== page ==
A high-quality GPU powered codec for VFX

NotchLC is now available for Adobe CC, with plugins for After Effects, Premiere and Adobe Media Encoder

Why did we make this?

Simply put, we were dissatisfied with the lack of high-quality codecs for content creators that exploited the power of modern GPUs. So, we created NotchLC; a codec capable of being used as both an intermediary codec as well as a playback codec.

NotchLC brings the equivalent of 10bit accuracy in a scrubbable codec that is extremely fast to encode and decode, with a compression ratio of 8:1 to 5:1.

In an independently conducted test of 10bit codecs, design and technology house dandelion + burdock says:

Combining all the above quality and speed factors, we can strongly suggest ProRes 4444 and NotchLC (best and optimal) as equivalent intermediate codecs. All three have 10bit or higher depth and are only moderately space demanding.

Read the full test here.

NotchLC plugins for Adobe CC and Quicktime & AVI are available as free downloads from the Notch website.

Luma, Chroma, Bit Depths & Compression

The LC in NotchLC stands for Luma & Chroma. NotchLC breaks colour data down into luma and chroma (YUV). 12bits of depth are assigned to luma data, as in many scenarios this is where bit depth is most perceivable. 8bits are assigned to each of the U & V channels. Total (28 bits per pixel). Alpha data is stored at 8bit depth. This is compared to HAP & DXV that encode colour data in RGB at bit depths of 5 or 6 bits per channel (total 16 bits per pixel).

Quality Levels & Bit Rates

Rather than specify target bitrates and end up with undetermined quality outcomes, NotchLC takes the reverse approach. When encoding you set a quality level, which is essentially an allowable ‘error level’ in encode. The encoder then searches for best fit compression in each block that meets this quality threshold. These defined coefficients of error give confidence in the quality of the resulting encoded video.

Typically our users are seeing compression ratios between 5:1 and 8:1 when compared to raw video. And as a general rule of thumb Notch tends to be 30% larger than HAPQ (for a significant quality uplift).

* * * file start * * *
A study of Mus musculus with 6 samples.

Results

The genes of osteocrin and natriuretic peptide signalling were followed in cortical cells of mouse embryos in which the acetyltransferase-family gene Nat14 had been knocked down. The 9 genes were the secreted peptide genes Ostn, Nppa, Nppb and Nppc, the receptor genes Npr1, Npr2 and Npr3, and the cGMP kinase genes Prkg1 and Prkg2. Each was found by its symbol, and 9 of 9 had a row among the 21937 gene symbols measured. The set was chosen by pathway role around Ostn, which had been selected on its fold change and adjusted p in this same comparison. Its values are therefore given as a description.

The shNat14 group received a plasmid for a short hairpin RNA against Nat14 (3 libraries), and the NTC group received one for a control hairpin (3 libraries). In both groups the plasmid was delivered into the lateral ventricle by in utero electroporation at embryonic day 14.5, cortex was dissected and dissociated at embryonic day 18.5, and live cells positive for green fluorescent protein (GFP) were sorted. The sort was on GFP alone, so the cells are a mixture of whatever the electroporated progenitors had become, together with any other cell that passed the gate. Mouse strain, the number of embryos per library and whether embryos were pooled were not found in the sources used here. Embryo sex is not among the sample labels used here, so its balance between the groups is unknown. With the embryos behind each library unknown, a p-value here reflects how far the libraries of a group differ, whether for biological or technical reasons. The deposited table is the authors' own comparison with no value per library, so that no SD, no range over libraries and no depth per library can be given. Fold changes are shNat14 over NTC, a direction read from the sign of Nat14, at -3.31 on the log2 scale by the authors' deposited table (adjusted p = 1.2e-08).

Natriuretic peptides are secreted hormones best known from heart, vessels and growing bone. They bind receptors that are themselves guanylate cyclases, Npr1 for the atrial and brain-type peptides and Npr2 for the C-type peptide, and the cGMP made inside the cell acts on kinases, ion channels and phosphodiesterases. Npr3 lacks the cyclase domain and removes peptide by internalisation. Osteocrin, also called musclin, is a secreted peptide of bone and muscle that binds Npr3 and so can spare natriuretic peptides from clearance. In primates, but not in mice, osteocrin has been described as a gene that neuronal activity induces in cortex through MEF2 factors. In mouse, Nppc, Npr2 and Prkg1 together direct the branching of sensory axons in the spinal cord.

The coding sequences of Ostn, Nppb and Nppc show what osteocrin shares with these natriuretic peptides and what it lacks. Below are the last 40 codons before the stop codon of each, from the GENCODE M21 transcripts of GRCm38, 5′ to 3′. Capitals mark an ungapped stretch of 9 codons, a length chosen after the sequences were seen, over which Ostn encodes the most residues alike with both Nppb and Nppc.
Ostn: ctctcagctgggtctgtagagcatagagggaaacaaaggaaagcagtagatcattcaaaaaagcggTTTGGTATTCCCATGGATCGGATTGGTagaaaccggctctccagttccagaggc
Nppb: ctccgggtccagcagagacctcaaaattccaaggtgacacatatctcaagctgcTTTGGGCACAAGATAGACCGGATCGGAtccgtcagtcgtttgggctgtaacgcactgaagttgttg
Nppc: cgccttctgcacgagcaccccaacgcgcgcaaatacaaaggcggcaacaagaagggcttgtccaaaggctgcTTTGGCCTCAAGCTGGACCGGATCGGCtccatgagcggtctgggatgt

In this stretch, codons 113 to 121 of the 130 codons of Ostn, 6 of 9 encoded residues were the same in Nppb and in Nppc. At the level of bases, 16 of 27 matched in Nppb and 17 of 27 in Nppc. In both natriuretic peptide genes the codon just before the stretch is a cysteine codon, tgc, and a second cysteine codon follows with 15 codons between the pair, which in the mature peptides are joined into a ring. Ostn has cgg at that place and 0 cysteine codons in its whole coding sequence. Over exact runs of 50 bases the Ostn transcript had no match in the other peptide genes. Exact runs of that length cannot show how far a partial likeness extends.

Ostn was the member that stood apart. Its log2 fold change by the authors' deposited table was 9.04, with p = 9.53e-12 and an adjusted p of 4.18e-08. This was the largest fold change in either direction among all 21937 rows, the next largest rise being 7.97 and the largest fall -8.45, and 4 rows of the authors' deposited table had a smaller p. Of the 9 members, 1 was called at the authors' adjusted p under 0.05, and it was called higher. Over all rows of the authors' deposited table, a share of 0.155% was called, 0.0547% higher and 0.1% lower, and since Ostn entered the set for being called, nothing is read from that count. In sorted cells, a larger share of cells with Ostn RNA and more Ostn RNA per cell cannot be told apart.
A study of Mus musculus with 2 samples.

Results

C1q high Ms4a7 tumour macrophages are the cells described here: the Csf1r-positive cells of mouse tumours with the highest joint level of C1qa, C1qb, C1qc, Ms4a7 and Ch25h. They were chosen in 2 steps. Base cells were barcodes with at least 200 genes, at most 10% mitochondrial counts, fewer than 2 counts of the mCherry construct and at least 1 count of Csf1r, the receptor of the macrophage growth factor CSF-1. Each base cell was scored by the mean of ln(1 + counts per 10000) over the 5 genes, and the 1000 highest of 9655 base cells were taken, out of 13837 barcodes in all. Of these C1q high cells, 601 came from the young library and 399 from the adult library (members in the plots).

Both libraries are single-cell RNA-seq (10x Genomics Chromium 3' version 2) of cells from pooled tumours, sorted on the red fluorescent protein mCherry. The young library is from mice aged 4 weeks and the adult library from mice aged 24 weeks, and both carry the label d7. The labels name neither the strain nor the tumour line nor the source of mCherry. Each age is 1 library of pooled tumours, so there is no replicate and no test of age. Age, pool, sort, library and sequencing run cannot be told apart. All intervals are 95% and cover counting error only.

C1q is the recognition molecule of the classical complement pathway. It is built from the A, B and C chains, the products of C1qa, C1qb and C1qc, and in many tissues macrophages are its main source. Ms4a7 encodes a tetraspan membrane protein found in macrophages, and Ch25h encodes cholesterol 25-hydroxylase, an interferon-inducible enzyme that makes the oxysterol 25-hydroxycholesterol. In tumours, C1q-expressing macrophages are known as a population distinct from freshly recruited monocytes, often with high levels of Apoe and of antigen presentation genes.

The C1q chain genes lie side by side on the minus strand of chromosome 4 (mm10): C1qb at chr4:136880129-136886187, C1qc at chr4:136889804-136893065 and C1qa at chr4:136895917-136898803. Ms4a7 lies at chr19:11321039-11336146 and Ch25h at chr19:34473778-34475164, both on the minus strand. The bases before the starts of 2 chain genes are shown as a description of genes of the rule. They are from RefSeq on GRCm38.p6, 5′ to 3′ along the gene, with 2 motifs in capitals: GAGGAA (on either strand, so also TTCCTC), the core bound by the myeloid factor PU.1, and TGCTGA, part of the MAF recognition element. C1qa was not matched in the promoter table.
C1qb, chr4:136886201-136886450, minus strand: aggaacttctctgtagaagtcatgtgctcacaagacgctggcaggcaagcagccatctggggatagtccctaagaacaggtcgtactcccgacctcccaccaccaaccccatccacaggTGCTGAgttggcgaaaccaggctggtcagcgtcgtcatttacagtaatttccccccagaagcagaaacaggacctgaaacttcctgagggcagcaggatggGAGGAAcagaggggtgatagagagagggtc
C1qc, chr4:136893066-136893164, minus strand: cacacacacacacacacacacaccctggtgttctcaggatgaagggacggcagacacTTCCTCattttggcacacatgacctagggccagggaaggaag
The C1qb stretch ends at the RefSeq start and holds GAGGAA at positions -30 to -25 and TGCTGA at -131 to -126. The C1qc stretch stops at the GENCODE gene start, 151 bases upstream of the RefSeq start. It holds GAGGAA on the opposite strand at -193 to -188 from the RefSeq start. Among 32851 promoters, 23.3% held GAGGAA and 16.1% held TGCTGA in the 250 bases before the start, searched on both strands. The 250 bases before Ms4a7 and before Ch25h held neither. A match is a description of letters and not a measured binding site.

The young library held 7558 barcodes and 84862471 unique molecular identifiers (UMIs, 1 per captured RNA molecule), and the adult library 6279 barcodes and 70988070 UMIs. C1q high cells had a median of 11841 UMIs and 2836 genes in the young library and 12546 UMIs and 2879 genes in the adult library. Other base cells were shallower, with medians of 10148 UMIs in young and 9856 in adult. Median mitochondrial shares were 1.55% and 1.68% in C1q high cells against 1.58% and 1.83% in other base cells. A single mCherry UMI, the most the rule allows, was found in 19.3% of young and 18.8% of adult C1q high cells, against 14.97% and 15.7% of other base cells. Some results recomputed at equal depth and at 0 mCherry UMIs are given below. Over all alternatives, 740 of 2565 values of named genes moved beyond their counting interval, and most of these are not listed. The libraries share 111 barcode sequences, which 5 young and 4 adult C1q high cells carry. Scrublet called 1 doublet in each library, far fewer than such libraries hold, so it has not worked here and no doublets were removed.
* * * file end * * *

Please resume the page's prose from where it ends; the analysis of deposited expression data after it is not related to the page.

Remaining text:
Detail when you need it

Unlike other mainstream GPU codecs, NotchLC uses variable block size and variable control point bit levels to provide extra detail in areas of the image that need it, while allowing greater compression in areas of flatter colours.

Quality Measurement

During development and testing the modern SSIM measurement method was used to test the accuracy of the NotchLC against raw lossless sources. Below is a sample of the types of test content:

We used a wide range of images to quality test against.

SSIM is a coefficient of error. The lower the SSIM result the lower the error. Across the range of samples the following results were achieved:

Subjective performance is always in the eye of the beholder. But in a full 10bit pipeline (content through display output), a very picky leading content creator said the difference in NotchLC vs RAW lossless is “very difficult to see and only possible to the most incredibly discerning of eyes”.

Encoding Performance

NotchLC utilises the full power of the GPU to accelerate the encoding process.

Test video:

  • Big Buck Bunny
  • Duration: 9min 57 secs
  • Format: 1080p24

NotchLC encode duration: 1min 44secs on a NVIDIA 1080 Ti.

On average it is:

  • 7x — 20x faster than HAP
  • Up to 2.9x faster than HAPQ

Decoding Performance

As a GPU powered codec, performance is heavily related to the power of your GPU. However, as an indication of what can be achieved with a modern GPU, it is possible to play 24 layers of 4K@30fps video with an NVIDIA 2080 Ti.

Tools / Encoders / Decoders

We are now shipping an Adobe plugin that provides import and export support to Adobe Premiere, After Effects & Adobe Media Encoder, as well as QuickTime and AVI plugins as well. These plugins are available outside of Notch, free of charge, and can be downloaded from the Notch website.

Currently, the plugins are just available for Windows, but there are plans in place for a macOS version. Additionally, there is a legacy Quicktime Player plugin for Windows. Future plans may include FFMPEG and VLC support, and for media professionals, NotchLC support is coming to the new version of disguise and other media server are implementing it at present.